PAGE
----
The Egyptian military commander who overthrew the Mohammed Morsi regime and is waging an aggressive crackdown on the Muslim Brotherhood, is growing increasingly popular amongst the people of Egypt. Indeed, there is growing talk that when elections are held sometime in 2014, the General may be the prohibitive front-runner.
Consider recent headlines:
- Egypt’s army chief rides wave of popularity towards presidency — Growing numbers of Egyptians applaud General Abdel Fatah el-Sisi’s hardline approach to Muslim Brotherhood (The Guardian, UK)
- General Al-Sisi’s Popularity Soars After U.S. Aid Cut-off To Egypt (Daily Beast, US)
- General al-Sisi: Egypt’s future president? (French TV)
Clearly he is someone to keep an eye on, and be praying for. But why is the General so popular? And will he really run for president?
Consider this analysis by a former senior Israeli military intelligence official.
“Since the ousting of President Morsi on July 3, 2013, the issue of who will be the next elected President of Egypt has been at the center of attention in Egypt and abroad,” notes an intriguing new report published by the Jerusalem Center for Public Affairs, an Israeli think tank. “Morsi’s presidency has proven the extent to which an Egyptian president can influence the course of the country and shape its domestic and foreign policy. Because of this, one can easily understand the amount of energy devoted by analysts of the Egyptian scene in order to try and decipher the intentions of General Abd el Fattah el-Sisi, the actual strongman of Egypt.”
The report was written by Israeli Colonel (retired) Dr. Jacques Neriah, a special analyst for the Middle East at the JCPA. Neriah previously served as a foreign policy advisor to Prime Minister Yitzhak Rabin and as Deputy Head for Assessment of Israeli Military Intelligence.
“Sisi holds the combined titles of Commander-in-Chief of the Armed Forces, first Deputy of the Prime Minister, and Minister of Defense and Military Production,” writes Neriah. “He is the man who led the overthrow of President Morsi. Since August 14, he has conducted a ferocious crackdown (only parallel to the crackdown performed by Gamal Abd el Nasser in 1954 against the Brotherhood) aimed at eliminating the political power of the Muslim Brotherhood in Egypt. And unlike his predecessors, Sisi is waging a merciless campaign against jihadi fighters in the Sinai Peninsula in order to restore Egypt’s sovereignty in the desert while drastically reducing Hamas’ power in the Gaza Strip.”
“Sisi has been very murky about his future plans, denying through the army spokesman any intention of running for the presidency in early 2014,” Neriah continues. “However, events on the ground seem to show that the general is preparing himself for the presidency because this is the only viable choice for him and the military establishment. In theory, Sisi could decide to stay in his position under a newly elected president and enjoy his powers as he is doing today, but he could also suffer the fate of his predecessor, Field Marshal Tantawi, who had his career terminated with the stroke of a pen. Sisi does not want to alienate his opponents by eying the presidency too early and creating a situation in which he would have to justify himself.”
- General Abd el Fattah el-Sisi, the man who led the overthrow of President Morsi on July 3, 2013, holds the combined titles of Commander-in-Chief of the Armed Forces, first Deputy of the Prime Minister, and Minister of Defense and Military Production.
- Unlike his predecessors, Sisi is waging a merciless campaign against jihadi fighters in Sinai Peninsula in order to restore Egypt’s sovereignty there while drastically reducing Hamas’ power in Gaza.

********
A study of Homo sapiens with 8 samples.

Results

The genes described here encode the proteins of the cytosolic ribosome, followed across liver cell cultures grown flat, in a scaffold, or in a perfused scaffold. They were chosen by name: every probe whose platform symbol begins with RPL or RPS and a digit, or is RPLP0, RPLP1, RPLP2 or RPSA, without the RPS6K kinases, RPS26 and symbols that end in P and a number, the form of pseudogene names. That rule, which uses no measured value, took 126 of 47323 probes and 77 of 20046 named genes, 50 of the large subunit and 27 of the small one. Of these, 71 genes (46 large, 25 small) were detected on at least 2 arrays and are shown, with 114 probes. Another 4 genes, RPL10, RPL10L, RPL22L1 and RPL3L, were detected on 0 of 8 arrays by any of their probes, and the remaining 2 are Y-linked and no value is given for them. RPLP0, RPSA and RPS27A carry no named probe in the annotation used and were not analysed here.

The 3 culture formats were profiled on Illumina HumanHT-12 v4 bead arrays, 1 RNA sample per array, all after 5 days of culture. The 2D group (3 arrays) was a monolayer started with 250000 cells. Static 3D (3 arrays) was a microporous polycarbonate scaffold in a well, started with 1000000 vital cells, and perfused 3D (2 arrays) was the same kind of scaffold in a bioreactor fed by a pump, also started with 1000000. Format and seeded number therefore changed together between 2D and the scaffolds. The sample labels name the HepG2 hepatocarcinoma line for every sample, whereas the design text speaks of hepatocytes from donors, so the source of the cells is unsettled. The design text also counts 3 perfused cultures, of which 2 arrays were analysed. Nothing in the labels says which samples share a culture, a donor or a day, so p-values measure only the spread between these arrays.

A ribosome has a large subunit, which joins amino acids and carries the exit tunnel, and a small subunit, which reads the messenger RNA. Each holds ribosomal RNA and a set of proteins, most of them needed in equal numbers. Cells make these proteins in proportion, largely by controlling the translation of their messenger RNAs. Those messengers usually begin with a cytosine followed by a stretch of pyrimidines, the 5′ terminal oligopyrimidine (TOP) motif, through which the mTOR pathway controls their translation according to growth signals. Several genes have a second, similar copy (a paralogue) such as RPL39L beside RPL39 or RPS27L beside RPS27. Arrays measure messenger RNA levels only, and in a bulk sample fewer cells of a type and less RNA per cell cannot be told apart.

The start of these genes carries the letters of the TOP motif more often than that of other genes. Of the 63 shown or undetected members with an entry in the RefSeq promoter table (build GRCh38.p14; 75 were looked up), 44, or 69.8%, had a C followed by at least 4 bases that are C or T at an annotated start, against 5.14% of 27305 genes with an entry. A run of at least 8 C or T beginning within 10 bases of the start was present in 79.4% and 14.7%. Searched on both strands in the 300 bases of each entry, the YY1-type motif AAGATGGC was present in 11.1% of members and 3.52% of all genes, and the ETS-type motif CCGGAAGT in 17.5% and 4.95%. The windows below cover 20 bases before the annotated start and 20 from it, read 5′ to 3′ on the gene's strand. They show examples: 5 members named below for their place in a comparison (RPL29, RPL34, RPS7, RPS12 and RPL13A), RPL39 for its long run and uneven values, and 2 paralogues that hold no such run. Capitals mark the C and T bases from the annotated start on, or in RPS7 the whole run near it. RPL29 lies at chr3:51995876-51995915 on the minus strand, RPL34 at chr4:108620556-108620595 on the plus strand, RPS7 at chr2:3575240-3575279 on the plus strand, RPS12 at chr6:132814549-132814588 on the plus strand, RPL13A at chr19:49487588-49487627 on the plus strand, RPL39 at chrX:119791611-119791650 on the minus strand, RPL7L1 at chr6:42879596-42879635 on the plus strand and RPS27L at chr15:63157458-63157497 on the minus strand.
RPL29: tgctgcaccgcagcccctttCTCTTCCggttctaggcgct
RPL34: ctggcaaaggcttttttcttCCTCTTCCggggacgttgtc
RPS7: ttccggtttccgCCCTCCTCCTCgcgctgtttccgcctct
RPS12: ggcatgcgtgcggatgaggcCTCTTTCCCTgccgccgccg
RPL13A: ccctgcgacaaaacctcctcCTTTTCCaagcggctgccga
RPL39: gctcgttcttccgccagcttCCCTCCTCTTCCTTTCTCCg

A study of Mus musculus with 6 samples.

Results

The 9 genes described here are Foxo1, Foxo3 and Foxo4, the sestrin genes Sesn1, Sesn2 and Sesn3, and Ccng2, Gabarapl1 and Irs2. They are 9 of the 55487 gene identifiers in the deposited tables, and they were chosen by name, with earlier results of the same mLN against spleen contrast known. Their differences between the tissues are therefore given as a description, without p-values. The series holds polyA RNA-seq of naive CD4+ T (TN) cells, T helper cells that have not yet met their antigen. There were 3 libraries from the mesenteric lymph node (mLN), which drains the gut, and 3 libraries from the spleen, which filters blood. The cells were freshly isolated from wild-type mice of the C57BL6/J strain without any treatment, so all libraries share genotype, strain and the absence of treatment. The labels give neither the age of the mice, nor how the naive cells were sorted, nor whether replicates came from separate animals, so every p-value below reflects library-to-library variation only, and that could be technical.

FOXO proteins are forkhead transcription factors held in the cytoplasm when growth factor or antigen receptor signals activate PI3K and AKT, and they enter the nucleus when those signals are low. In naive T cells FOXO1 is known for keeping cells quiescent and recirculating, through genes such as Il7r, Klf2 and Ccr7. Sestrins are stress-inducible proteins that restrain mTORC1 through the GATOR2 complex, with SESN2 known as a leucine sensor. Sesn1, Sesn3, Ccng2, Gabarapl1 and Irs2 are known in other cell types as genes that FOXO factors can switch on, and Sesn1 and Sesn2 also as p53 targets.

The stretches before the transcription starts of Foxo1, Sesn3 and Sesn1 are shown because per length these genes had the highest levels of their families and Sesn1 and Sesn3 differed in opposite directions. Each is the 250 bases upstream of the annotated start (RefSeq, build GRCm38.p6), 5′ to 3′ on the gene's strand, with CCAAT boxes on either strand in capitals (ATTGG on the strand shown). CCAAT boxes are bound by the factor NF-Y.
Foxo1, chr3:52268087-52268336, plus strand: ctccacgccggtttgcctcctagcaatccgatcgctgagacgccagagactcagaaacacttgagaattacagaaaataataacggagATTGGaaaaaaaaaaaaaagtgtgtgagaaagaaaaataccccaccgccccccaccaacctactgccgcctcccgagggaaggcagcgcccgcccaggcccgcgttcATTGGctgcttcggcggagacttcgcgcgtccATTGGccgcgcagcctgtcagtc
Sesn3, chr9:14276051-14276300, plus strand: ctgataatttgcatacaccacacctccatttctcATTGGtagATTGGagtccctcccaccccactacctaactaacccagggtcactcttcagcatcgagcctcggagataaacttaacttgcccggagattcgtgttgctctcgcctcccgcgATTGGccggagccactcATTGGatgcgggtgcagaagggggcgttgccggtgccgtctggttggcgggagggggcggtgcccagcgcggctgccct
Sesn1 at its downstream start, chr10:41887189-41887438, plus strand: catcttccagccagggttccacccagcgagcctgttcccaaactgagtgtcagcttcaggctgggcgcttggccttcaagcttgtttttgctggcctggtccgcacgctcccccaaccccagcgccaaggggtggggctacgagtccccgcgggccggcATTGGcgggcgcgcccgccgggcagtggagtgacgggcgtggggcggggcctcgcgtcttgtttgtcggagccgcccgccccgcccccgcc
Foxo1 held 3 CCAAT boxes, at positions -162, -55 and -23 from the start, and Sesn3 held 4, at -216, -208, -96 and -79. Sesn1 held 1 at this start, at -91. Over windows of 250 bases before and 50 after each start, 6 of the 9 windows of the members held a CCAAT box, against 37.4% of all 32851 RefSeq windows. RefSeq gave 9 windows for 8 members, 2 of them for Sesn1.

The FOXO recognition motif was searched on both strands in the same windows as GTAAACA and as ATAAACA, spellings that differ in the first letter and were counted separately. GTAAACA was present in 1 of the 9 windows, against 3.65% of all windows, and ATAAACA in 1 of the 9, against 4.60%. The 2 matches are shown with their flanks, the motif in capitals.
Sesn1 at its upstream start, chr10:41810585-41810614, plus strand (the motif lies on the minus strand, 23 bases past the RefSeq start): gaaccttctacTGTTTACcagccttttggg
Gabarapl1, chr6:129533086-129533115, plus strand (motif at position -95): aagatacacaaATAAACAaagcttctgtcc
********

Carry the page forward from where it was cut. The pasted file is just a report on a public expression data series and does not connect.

- Sisi may be “called to the flag” as a savior in order to salvage Egypt from its enemy, the Muslim Brotherhood — talk shows and newspaper columns have been advocating the idea of the general running for president in order to fight the terrorist threat they say the country is facing.
- Most of the other potential candidates have declared that if Sisi would run for president, they would retract their candidacies.
- There is a concentrated effort to picture Sisi as the political heir of the iconic President Gamal Abd el Nasser.
- Sisi himself participated in the 43rd memorial ceremony of Nasser’s death. There were posters with his picture adjacent to Nasser’s. Egyptians see Nasser as the Egyptian leader who fought the Muslim Brotherhood domestically and led Egypt to the leadership of the Arab World and the non-aligned community. In fact, Sisi was presenting his legitimacy as the rightful leader of Egypt not only to his Egyptian compatriots but also toward the U.S. administration, which is questioning his legitimacy and presenting him as the leader of a coup and a usurper of power.
- This creates an opening for a possible Russian comeback in Egypt and through it to a reinforced Russian position in the region.
- By deciding to cut its financial aid to Egypt and postpone the delivery of weapon systems already ordered, the U.S. has overturned the longstanding correlation between financial assistance and Egypt’s honoring of the peace treaty with Israel.
- The $14 billion that Saudi Arabia and the UAE transferred to Egypt immediately after Sisi’s takeover, and the $40 billion promised in economic aid, are a reminder that Egypt may not be in need of such conditional financial assistance.
- Observers of the Egyptian scene are repeatedly stressing the change in the mood of the Egyptians towards the United States, from friendship and admiration to open hostility. In fact, the crisis with the Obama Administration and Sisi’s reaction to it has helped build up his leadership credentials as a daring Egyptian nationalist who does not retreat before a superpower – particularly one that so openly supported the Muslim Brotherhood in Egypt and elsewhere in the Middle East.